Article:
Nicholas C. DiDonato
Despite the stereotype that conservatives couldn’t care less about the poor, research in the last decade indicates that they actually donate more to charities than political liberals (in America at least). This result has led some scholars to believe that political conservatism correlates with generosity. However, as sociologists Brandon Vaidyanathan, Christian Smith (both University of Notre Dame), and Jonathan Hill (Calvin College) argue, once religion factors into the equation, religion completely accounts for the political difference. That is, religiosity, not political conservatism, correlates with generosity.
To explain this correlation, the researchers reject the idea of charity deriving from religious beliefs. They find little evidence to support a causal relationship between behavior and ideology. Just because someone believes something, hardly means they act in accord with those beliefs (put simply: hypocrites exist).
Instead, “practical consciousness” explains the correlation. That is, practiced actions over time develop into habits which in turn make that action more likely to happen again in the future. Current practice shapes future action. In this framework, a religious institution, such as a church, provides an environment where its members donate on a regular basis (whether it be time or money). Very often, members make their needs publicly known, and so giving has a personal face attached to it. Such personal intimacy strongly encourages giving.
Since giving in a religious setting occurs on a regular basis, the habit of giving can develop quite readily. This contrasts with secular giving, which tends to occur on a case-by-case basis. The researchers hypothesize that once a person has developed the habit of charity in a religious setting, that habit easily translates into charities outside of religion (including giving to strictly secular charities). Consequently, they predict that political liberals who regularly attend religious services will behave like conservatives when it comes to charity.
To test their hypothesis, the sociologists analyzed the data from the first wave of the Panel Study on American Ethnicity and Religion (PS-ARE). Specifically, they examined the amount of donations made to one’s local church, religious charities, and secular charities. They took into consideration political affiliation, religious service attendance, religious ideology (i.e., on a scale of conservative and liberal), importance of religious faith, and the general tendency to join political or community activities. They also controlled for gender, race, education, region, age, work status, marital status, household size, and health.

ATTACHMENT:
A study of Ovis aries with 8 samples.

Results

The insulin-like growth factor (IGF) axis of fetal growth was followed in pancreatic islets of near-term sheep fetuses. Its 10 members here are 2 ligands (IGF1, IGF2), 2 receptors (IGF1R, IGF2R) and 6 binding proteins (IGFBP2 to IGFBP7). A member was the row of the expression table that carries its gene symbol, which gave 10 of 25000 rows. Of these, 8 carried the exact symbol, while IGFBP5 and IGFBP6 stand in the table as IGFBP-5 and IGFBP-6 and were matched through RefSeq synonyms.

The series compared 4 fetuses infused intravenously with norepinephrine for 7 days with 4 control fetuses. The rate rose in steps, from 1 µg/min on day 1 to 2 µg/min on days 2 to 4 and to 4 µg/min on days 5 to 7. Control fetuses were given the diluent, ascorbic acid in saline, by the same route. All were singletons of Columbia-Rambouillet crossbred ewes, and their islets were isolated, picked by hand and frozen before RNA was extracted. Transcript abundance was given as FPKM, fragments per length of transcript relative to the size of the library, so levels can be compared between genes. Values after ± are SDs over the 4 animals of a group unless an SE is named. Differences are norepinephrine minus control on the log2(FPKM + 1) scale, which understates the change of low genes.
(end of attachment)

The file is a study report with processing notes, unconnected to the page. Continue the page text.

As expected, the statistical significance of political conservatives giving more to charity than political liberals disappears as soon as religious attendance weighs in. To put the effect of religious attendance into perspective: “…the effect of religious service attendance [for giving to religious organizations] is approximately eight times greater than the effect of political activity and nearly 11 times greater than the effect of frequently attending local civic or educational meetings.” In other words, attending religious services matters for giving to religious organizations.
But what about secular organizations? Those who attend community meetings (and those involved in certain political activities) show a strong positive correlation with giving to secular charities. Interestingly enough, so does religious attendance. Both religious attendants and attendants of community meetings display increased giving to secular organizations. That said, the higher one ranked “importance of faith,” the less one gave to secular charities (religious ideology had no statistically significant effect).
Overall, the main difference in charity consists in religious giving. People who regularly attend religious services give more to religious and secular charities, while those who get a regular dose of “practical consciousness” from a secular environment give more to only secular charities. Put another way, religious people give as much to secular charities as practically conscious secular people plus they give to religious charities. In terms of amount, religious people wind up giving more. From this the researchers conclude that religious organizations imbue a habit of charity that readily transfers to other charitable organizations.
The researchers quickly point out the impossibility of establishing the causal order—what is causing what? While their results prove statistically significant, they only show correlation not causation. Furthermore, certain political activists showed a great increase in charity to secular organizations compared to religious givers—some do outperform religious people in secular giving. Still, given their general high rates of giving, it would not be unfair to say that, at least in terms of charity, religious people practice what they preach.
For more, see ”Religion and Charitable Financial Giving to Religious and Secular Causes: Does Political Ideology Matter?” in the Journal for the Scientific Study of Religion.